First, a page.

The Adoration of the Magi by the Venetian artist Paolo Veronese is a large oil painting on canvas dated to 1573 which has been in the National Gallery, London since 1855, shortly after it was sold by the Venetian church for which it was commissioned. It shows the common subject in the Nativity art of the visit by the Three Kings to the infant Jesus, here given a grandly theatrical treatment typical of Veronese's mature works. It was not an altarpiece, having been painted to hang beside rather than over a side altar in the nave of the church.
The Adoration of the Magi was a very common subject in religious art. It was no doubt chosen for this painting because it was commissioned by a confraternity of Saint Joseph, although he is not especially prominent in the composition, placed hanging off a ledge above the ox. However he is at the top of the compositional diagonal formed by the main figures. Veronese enjoyed painting elaborate and stagey costumes and the three kings, like religious or historical figures in many of his paintings, are very elaborately dressed in robes that reflect the dress of the contemporary Venetian elite but are more extravagant and fanciful than would often actually be worn. It has been suggested that Veronese's costumes drew from theatre costumes, for which he also made drawings, and they might be likened to modern-day haute couture styles, many of which are not really intended to be worn off the catwalk.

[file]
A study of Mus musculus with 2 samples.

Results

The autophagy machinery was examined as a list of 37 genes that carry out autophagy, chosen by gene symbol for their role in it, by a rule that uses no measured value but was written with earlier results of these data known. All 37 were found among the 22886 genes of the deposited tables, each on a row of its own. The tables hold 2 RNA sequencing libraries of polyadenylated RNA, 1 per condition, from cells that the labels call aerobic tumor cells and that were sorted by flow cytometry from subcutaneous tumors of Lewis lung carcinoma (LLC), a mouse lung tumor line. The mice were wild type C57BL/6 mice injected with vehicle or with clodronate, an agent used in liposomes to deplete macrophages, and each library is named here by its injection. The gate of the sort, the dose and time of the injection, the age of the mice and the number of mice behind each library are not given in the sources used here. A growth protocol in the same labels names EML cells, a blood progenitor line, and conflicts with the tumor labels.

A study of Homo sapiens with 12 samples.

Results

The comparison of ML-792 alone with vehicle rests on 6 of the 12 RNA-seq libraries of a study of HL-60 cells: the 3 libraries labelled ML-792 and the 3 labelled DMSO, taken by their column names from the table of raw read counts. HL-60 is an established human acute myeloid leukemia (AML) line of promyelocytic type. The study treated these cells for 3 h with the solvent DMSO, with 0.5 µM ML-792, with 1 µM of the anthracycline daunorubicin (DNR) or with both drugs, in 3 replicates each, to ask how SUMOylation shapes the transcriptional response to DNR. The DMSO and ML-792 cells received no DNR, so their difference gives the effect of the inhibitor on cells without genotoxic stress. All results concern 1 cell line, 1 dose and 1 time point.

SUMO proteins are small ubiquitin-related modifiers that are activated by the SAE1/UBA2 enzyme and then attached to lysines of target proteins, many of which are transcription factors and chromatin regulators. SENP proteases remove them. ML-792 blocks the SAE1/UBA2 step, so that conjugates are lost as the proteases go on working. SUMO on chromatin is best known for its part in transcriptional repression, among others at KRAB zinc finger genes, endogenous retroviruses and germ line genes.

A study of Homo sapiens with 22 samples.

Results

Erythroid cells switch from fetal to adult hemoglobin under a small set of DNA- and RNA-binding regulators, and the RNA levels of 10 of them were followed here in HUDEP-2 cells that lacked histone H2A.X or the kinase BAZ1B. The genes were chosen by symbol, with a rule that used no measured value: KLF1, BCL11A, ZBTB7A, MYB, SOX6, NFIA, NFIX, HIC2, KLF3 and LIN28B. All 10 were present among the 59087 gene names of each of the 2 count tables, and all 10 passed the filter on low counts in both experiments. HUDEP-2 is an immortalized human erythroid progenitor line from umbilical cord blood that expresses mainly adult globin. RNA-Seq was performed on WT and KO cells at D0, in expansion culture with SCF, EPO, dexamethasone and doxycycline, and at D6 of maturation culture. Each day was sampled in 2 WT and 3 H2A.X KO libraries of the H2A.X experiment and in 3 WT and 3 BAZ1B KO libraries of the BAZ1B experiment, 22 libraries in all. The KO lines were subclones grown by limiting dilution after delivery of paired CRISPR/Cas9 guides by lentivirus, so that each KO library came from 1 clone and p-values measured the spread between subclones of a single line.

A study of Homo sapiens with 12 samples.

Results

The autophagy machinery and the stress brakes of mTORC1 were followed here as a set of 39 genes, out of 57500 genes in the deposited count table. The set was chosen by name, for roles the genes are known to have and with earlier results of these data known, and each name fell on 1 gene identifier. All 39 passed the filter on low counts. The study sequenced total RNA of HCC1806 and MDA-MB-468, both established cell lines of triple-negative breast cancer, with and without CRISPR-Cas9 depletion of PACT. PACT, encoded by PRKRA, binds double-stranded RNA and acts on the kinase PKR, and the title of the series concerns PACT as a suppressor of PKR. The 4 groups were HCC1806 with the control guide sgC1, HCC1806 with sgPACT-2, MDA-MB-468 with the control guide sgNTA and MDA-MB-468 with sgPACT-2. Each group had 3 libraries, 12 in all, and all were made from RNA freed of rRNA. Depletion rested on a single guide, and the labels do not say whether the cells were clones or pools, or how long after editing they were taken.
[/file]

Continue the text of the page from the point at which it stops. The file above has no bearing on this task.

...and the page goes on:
The grand architectural setting in a ruined classical temple is also typical of Veronese, who took a serious interest in architecture, although David Rosand suggests that the settings in his large paintings are better considered as stage scenery or temporary monumental decor for royal entries or other occasions (which was often very elaborate at this period) than compared in detail to actual architecture. Nativity scenes are very often given such settings, which apart from showing off the artist's skill acted as a reminder of the medieval legend, reported in the popular compilation of the Golden Legend, that on the night of Christ's birth the Basilica of Maxentius in Rome, supposed to house a statue of Romulus, had partly tumbled to the ground, leaving the impressive ruins that survive today.
Another meaning for the ruined temple went back to 15th-century Early Netherlandish painting, when the usual simple shed of the Nativity stable, little changed from Late Antiquity, had developed into an elaborate ruined temple, initially Romanesque in style, which represented the dilapidated state of the Old Covenant of the Jewish law. In Italian works the architecture of such temples became classical, reflecting the growing interest in the ancient world, and the ruins that remained in many areas.